7 Tough Lessons For The Next Generation

sevenMartin D. Weiss: From my years advising investors and businesses since the late 1920s, I’ve learned many important lessons.

Please don’t relearn them the hard way. Instead, seek to take advantage of my experiences to better your life.

Lesson #1. Politicians Cannot Truly Rescue our Economy

If the hot air from politicians could power cars and trucks, we’d never have an energy crisis in America.

Time and time again, politicians from both parties have promised to bring prosperity in the midst of difficult times.

And in each case, we had to relearn this simple, fundamental lesson: Ultimately, the government can’t do it. The only power that can rescue our economy is the hard work and sacrifice of millions of Americans.

Any attempt to mandate the level of wages or prices is a joke. Nixon tried wage-and-price controls in 1971, and the end result was the greatest explosion of prices in modern history.

Everyone knows that price ceilings create shortages that are damaging to the economy. And everyone also knows that price floors create surpluses that are equally damaging. And yet politicians of both parties continually seek to tinker with both.

What’s worse, the Federal Reserve frequently manipulates the one price that has the most sweeping impact on all goods and services — the price of money.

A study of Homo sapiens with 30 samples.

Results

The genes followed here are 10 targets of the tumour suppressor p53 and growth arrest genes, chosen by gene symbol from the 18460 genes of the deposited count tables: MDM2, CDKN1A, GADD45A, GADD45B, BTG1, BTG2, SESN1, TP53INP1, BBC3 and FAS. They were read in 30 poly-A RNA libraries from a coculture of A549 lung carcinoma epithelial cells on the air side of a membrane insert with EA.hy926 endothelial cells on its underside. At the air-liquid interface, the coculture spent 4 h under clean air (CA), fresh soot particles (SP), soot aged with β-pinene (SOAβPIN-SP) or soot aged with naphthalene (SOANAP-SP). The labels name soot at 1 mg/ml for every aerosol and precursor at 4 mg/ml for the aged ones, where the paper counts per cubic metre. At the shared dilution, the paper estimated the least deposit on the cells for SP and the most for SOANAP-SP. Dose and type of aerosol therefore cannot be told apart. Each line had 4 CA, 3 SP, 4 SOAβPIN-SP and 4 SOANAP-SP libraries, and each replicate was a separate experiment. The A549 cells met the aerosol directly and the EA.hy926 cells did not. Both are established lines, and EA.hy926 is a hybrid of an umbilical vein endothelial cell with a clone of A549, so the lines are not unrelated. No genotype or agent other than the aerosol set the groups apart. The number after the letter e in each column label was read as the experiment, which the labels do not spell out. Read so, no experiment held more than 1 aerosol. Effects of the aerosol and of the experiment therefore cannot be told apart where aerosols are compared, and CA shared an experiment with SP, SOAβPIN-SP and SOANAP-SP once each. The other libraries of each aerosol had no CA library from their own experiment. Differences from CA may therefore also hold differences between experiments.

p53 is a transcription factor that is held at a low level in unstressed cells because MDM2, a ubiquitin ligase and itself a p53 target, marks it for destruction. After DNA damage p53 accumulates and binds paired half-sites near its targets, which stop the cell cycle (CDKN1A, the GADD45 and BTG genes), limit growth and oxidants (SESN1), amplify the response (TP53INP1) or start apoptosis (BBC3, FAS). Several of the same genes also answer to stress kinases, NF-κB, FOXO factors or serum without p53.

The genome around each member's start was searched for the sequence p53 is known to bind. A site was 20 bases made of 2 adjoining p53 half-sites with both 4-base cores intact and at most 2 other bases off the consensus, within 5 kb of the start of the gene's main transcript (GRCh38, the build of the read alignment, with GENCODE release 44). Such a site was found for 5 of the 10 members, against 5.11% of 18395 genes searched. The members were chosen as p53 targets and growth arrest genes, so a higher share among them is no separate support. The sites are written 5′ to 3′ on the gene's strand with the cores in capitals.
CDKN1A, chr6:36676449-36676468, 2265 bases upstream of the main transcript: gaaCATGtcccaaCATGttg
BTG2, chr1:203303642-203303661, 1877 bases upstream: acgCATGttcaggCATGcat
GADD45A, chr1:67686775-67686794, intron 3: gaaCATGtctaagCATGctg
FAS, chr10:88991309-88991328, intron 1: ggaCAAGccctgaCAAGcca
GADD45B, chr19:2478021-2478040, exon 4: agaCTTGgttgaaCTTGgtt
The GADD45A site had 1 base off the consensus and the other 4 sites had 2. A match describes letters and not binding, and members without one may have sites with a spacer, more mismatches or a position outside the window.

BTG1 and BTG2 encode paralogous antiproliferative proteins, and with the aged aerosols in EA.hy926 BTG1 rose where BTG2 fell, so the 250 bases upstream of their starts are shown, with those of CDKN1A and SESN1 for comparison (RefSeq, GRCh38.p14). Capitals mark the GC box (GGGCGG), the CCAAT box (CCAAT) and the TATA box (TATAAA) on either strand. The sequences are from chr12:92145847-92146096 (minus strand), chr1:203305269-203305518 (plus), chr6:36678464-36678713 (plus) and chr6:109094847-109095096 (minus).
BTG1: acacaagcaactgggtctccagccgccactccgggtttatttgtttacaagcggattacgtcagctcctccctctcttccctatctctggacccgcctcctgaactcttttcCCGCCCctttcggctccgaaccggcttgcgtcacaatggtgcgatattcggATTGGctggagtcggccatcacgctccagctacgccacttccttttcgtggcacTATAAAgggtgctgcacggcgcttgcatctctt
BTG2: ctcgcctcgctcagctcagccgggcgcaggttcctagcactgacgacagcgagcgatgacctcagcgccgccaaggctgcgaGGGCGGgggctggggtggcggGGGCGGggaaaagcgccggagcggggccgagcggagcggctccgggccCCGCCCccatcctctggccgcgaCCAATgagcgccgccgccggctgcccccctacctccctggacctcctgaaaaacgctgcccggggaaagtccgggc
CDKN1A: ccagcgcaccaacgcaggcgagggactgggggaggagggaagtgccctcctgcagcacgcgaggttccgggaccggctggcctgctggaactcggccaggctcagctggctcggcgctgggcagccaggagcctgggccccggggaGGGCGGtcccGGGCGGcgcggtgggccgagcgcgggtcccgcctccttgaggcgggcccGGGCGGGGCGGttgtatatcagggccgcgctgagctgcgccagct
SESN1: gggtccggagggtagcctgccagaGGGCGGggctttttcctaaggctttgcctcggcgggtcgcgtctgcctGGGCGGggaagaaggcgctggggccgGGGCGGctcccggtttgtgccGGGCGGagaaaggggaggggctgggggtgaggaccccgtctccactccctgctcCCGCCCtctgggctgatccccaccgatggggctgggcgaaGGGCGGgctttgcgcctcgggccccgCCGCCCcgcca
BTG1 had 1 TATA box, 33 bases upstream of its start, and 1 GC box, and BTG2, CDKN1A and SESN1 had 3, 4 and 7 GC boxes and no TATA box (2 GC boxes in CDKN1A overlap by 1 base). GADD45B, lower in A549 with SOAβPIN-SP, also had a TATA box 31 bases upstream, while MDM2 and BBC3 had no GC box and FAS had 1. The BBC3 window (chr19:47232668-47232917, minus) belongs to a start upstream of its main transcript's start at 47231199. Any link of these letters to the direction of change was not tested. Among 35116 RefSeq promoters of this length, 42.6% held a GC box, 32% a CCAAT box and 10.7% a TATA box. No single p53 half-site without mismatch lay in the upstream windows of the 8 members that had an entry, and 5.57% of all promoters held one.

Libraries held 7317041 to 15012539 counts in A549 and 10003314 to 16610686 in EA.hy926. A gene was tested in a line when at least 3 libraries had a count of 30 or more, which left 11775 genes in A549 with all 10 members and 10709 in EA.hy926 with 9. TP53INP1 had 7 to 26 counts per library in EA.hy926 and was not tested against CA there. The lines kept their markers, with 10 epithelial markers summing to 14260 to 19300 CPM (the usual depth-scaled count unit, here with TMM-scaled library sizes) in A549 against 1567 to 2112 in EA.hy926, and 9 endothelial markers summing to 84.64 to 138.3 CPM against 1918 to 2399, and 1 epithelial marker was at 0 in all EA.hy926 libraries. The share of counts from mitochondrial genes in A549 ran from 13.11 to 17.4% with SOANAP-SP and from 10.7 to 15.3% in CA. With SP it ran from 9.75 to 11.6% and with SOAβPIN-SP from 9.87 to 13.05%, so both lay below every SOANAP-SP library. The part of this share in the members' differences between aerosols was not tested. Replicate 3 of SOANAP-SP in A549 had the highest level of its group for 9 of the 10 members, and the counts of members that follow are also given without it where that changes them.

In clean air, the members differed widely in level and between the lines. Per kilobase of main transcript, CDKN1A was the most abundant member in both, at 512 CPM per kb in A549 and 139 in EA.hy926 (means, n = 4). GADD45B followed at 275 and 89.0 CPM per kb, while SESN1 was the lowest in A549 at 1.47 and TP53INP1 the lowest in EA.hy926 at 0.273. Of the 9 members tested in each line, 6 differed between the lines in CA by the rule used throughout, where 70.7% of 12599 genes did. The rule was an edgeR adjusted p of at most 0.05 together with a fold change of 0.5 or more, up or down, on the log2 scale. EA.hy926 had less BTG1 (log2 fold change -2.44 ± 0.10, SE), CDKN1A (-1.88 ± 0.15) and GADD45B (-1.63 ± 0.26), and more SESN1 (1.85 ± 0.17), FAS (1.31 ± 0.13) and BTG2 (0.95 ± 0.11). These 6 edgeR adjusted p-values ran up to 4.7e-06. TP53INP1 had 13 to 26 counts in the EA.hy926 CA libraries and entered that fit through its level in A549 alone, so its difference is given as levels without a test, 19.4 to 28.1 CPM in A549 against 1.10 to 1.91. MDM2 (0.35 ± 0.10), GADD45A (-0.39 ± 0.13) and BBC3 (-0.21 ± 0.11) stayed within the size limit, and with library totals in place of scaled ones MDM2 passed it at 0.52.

In a desperate attempt to create an economic recovery, the Fed pushes interest rates down far below where they should be to balance the supply and demand for money.

Sure, this can help stimulate the economy and drive up stock prices. But it also has more pervasive and perverse impacts. It punishes savers. It rewards speculation. It creates massive shortages of the savings and capital that our country needs to sustain real growth. And sooner or later, those shortages drive interest rates dramatically higher.

Prudent fiscal policy, one of the few things that could put America on the right path for the long term, is another joke.

Every opinion survey I’ve ever seen has shown that people think the government should live within its means — just like any household. In response, almost every Congress and every President promises deficit reduction. But I have yet to see them fulfill that promise.

The only way they know to get the federal budget deficit down is with smoke and mirrors. And their biggest smokescreen is artificial stimulations for the economy. That jacks up income and income tax revenues to the government for a while. And that gives politicians a chance to take credit for a reduction in the deficit. But as soon as the stimulus is taken away, the economy sinks again and the red ink comes back in a flood.

Just look back at all the promises we’ve heard about fiscal restraint.

In 1974, procedural changes were made to the budget process to help balance the budget.

Senators Ernest Hollings, Phil Gramm and Warren Rudman. The promise of their
Senators Ernest Hollings, Phil Gramm and Warren Rudman. The promise of their “Balanced Budget and Emergency Deficit Control Act of 1985″ has been broken decisively and repeatedly.

So did the Omnibus Reconciliation Acts of 1990 (under Bush) and of 1993 (under Clinton).

But emergency spending bills followed on the heels of every hard cutback. Impoundment procedures were tried — and failed. Spending was capped — and promptly uncapped.

And despite all the efforts, they left one of the major causes of the deficit — automatic, out-of-control spending on entitlements — mostly untouched. It doesn’t matter if you’re a Republican or a Democrat or an independent. This is bad news for anyone who wants to see our country embark on a true, lasting recovery.